Dinner in 2050

06/02/2015 10:29 am ET | Updated May 27, 2016
Stacy Spensley via Flickr

What will our dinner plate look like in 2050? As Yogi Berra commented, there is nothing more difficult to predict than the future, except that dinner for most people is likely to be different than it is today.

Several realities will play out: the number of mouths to be fed will increase from about 7 billion today to about 9.5 billion by 2050. Climate change is happening at a rate that seemed unimaginable just a few years ago and the political will to mitigate this has not been apparent; in the U.S., even modest proposals are being met with obstruction at every step by oil and coal interests and their Congressional puppets.

Already, extremes in temperature and drought are affecting food production adversely, and this will almost certainly increase in ways that are difficult to predict. Even now only a tiny fraction of the world's population eats an adequate and healthy diet. In the U.S., fewer than 5% of Americans meet the national dietary goals: sugar, refined starch, and potatoes comprise about 40% of our national caloric intake, fruit and vegetable consumption remains low, and red and processed meat intake is high.

Globally, the majority of the world's population lives on an unbalanced diet high in carbohydrates that is becoming increasingly refined and high in sugar, and almost a billion persons have inadequate caloric intake. The transition to an industrial, highly processed diet, now fueling a pandemic of obesity and diabetes, is being accelerated by multinational corporations such as Coca Cola and Pepsi, who regard this as their market of the future.

Current U.S. trends in dietary patterns and health indicators suggest a troubling future. We recently analyzed U.S. national data from 2000 to 2010, examining 11 dietary variables that strongly predict risk of cardiovascular disease, diabetes, and death. On average, the overall quality of diet had modestly improved over this period, although it remained far from optimal. About half of the improvement was due to a large decrease in trans fat, but soda consumption also decreased modestly, and whole grains and fruits increased slightly.

However, the overall improvement masked a disturbing feature in these trends: all of the increase was in those with higher incomes and education; among those with low income and education, there was no improvement at all, and the gap in dietary quality by socio-economic status doubled over the decade.

Because the dietary-quality score strongly predicts health outcomes and death, it is no surprise that that these trends in diet quality have moved in parallel with widening income disparities and mortality trends in the U.S. Thus, the emerging picture is of two Americas, whether viewed through an economic, health, or dietary lens.

These global and domestic trends suggest that our dinner plates in 2050 will look very different, depending on who we are: most common will be the global-industrial plate, comprised primarily of the cheapest and most profitable calories: refined starch and sugar. These may be paired with industrially synthesized fats that are now being manufactured from cheap carbohydrates. Fruits, vegetables, whole grains, and protein sources will be few.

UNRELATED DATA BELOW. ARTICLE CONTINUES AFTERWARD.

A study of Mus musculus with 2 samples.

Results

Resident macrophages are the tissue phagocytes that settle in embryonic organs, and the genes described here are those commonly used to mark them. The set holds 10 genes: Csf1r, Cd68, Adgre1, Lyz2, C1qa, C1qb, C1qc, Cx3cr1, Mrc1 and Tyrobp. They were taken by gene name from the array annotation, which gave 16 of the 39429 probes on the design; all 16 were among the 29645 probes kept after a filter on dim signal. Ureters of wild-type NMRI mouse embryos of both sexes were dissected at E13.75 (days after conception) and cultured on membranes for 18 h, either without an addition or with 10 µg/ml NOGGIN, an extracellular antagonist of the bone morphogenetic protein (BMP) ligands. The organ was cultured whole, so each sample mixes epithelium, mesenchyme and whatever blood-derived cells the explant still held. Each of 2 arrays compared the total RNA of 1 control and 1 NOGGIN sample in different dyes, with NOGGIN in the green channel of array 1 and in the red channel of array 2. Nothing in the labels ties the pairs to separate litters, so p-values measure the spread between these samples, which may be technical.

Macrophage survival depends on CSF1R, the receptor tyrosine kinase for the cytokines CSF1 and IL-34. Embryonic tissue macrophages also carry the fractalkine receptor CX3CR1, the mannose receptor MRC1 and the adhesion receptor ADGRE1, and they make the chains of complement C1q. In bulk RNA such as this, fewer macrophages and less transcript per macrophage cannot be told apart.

Is this soylent green? Maybe nutritionally so, but I am confident that this will not be so dreary because there will be huge profit in marketing these ingredients in many forms, colors, and flavors -- as is already being done with ultra-processed foods.

A small, affluent fraction of the population may still be infatuated with the paleo plate, which emphasizes red meat and full-fat dairy products. This diet does minimize the adverse metabolic effects of refined carbohydrates, but is not optimal due to the high intakes of unhealthy fats and cholesterol. This diet will necessarily be limited to a small part of the global population, as it is extremely consumptive of land and water resources.

Fortunately, another option is possible, the smart and sustainable plate. The model for this plate is the traditional Mediterranean diet, which emphasized olive oil, abundant fruits, vegetables, whole grains, nuts, seeds, legumes and fish; moderate amounts of dairy foods, and only occasional red meat.

Notably, this diet sustainably supported a remarkable civilization on a semiarid land, and during the 1950s Greek men lived many years longer than American men. In the last 30 years, many lines of research have substantiated the health benefits of this diet and we now understand the important elements so that a similarly healthy diet can be created with the foods and flavors from other cultures and climates. We don't need to scour the world to find people eating this way now; they are in our studies right here in America, and we find they live longer and have a better quality of life than those consuming the traditional animal-based, industrial American diet.

How do we bring as many people as possible to a table where the smart and sustainable dinner is served? Fundamentally, we need to consider both the nutritional and sustainability aspects of food policies if we are to have healthy and secure dinners in 2050. This includes the need for careful analysis and research to ensure that every step of the food production and distribution system has the smallest environmental footprint possible.

This blog post is part of a series produced by The Huffington Post and the EAT Initiative, in conjunction with the latter's 2nd annual EAT Stockholm Food Forum (Stockholm, June 1-2, 2015). The EAT Stockholm Food Forum aims to convene thought leaders at the intersection of science, business and politics, to develop integrated strategies and synergic solutions toward a healthier and more sustainable global food system. For more information about EAT Stockholm Food Forum, read here.